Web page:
I think I mentioned before that my great grandfather was a miner in Nevada in the late 19th century. He mined two forms of copper ore, green malachite and blue azurite, copper carbonates with formulas Cu2CO3(OH)2 and Cu3(CO3)2(OH)2 respectively. For some reason, our family collects rocks. These were gathered on the mountain where my great grandfather lived and where my grandfather and his two siblings were born and raised. We have recently thrown away a lot of rocks that were in my mom’s basement but we kept a few that were particularly nice. Cathy put some in this bowl and they are outside our front door, where the bowl has filled with rain water, which I think makes it especially nice.
Tagged With: Rocks
Malachite and Azurite
Sometimes when you travel, you pick up souvenirs. You might buy a post card and you’re almost certain to take a few (or a lot of) photographs, which for most of us really help to keep memories alive. We can look at the photographs and remember what it was like wherever we happened to have been. Or we might buy a small object in a store or at a market to remember the trip by. In our family, we sometimes pick up stones. Sometimes they are selected because they’re a particularly pretty color or have a nice pattern on them. Other times, it’s their shape or the smoothness of the surface. Some here—the green one at the top and the bluish green one on the right—are from the Nevada ghost town where my grandfather was born, 135 years ago.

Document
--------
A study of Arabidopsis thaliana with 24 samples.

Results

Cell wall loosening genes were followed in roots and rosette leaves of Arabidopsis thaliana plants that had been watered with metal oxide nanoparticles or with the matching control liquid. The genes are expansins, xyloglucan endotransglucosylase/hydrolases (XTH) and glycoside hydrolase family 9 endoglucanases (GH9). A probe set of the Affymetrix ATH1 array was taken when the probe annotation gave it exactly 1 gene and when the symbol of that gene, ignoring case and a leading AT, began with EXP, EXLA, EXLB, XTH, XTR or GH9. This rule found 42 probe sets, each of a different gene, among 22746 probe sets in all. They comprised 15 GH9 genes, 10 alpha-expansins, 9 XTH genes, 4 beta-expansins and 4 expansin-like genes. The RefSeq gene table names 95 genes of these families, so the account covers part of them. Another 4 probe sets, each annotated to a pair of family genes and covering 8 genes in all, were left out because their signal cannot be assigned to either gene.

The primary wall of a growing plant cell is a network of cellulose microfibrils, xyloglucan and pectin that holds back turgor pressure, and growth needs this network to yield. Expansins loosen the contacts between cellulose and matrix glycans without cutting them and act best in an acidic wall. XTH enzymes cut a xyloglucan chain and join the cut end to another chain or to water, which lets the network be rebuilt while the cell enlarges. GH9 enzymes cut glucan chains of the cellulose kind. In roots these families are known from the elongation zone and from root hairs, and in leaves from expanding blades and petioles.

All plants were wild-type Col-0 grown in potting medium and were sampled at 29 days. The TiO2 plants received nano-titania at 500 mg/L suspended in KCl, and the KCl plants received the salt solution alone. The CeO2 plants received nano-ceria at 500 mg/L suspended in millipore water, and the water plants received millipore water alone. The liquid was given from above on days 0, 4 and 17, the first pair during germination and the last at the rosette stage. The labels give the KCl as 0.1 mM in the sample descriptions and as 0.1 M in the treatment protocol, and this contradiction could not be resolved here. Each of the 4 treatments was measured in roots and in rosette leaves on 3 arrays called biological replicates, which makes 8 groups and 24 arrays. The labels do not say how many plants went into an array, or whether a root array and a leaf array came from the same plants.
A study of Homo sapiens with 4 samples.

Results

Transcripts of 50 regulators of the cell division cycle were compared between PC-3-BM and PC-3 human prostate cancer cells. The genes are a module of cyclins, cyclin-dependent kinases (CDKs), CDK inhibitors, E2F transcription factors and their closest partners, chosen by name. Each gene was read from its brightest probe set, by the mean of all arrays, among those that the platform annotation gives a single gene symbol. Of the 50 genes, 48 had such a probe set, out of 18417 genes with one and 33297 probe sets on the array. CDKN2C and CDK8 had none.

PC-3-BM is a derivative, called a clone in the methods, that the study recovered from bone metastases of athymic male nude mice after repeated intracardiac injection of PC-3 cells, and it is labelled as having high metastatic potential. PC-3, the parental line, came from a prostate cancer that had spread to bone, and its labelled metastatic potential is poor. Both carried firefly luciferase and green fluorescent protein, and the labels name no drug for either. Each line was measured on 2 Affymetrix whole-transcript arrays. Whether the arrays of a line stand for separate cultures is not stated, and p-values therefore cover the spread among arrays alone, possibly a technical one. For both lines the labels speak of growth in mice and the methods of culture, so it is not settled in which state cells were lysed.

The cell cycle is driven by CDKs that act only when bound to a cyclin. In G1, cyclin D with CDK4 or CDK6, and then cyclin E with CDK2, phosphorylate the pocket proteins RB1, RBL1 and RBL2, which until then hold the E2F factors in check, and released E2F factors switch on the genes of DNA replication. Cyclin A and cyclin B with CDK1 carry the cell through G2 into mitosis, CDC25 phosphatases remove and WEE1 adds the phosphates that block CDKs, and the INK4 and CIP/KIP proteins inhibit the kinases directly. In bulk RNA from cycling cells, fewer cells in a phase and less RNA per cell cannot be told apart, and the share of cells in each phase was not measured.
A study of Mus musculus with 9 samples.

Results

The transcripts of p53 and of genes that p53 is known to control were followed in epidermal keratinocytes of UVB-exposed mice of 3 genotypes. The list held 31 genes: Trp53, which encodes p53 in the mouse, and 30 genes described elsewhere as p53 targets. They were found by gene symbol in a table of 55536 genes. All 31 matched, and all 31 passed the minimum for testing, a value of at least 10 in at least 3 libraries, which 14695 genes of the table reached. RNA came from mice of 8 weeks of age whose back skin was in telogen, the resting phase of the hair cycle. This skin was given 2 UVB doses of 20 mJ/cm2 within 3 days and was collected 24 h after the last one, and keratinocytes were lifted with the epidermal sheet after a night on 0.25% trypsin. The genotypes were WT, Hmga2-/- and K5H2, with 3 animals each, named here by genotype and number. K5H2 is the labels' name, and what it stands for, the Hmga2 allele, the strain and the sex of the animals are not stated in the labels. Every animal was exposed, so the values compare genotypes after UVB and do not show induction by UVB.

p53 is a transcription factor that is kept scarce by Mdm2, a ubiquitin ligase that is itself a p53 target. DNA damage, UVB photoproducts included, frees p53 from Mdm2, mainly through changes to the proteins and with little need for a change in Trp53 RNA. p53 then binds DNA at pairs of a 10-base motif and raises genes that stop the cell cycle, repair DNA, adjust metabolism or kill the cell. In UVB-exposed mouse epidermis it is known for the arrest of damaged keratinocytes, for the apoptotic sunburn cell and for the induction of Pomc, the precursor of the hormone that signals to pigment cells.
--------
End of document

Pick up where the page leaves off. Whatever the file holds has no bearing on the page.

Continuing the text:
C&O Canal Rocks
These rocks are south of Pennyfield Lock on the C&O Canal. The photo was taken on the same walk as the previous one of the great blue heron. It’s an HDR composite photo made from three images taken with different exposures. This allows the camera to capture more detail in the shadows and highlights than it would normally be able to do. As amazing as our modern digital cameras are, they still have a ways to go before they can handle the extremes of light that we take for granted.
When we bought our house, the outside portion of our air conditioner was on the back patio. I’m not sure who would ever think that was a good idea. Someone who never sits on the patio, I guess. When we replaced the furnace and air conditioner, we had it moved to the end of the house so we could actually sit outside in the summer and hear each other talk. The concrete plinth that the unit used to sit on is still there and is a sort of stage for assorted bric-a-brac. Rocks, shells, bones, and antlers make up the bulk of the collection.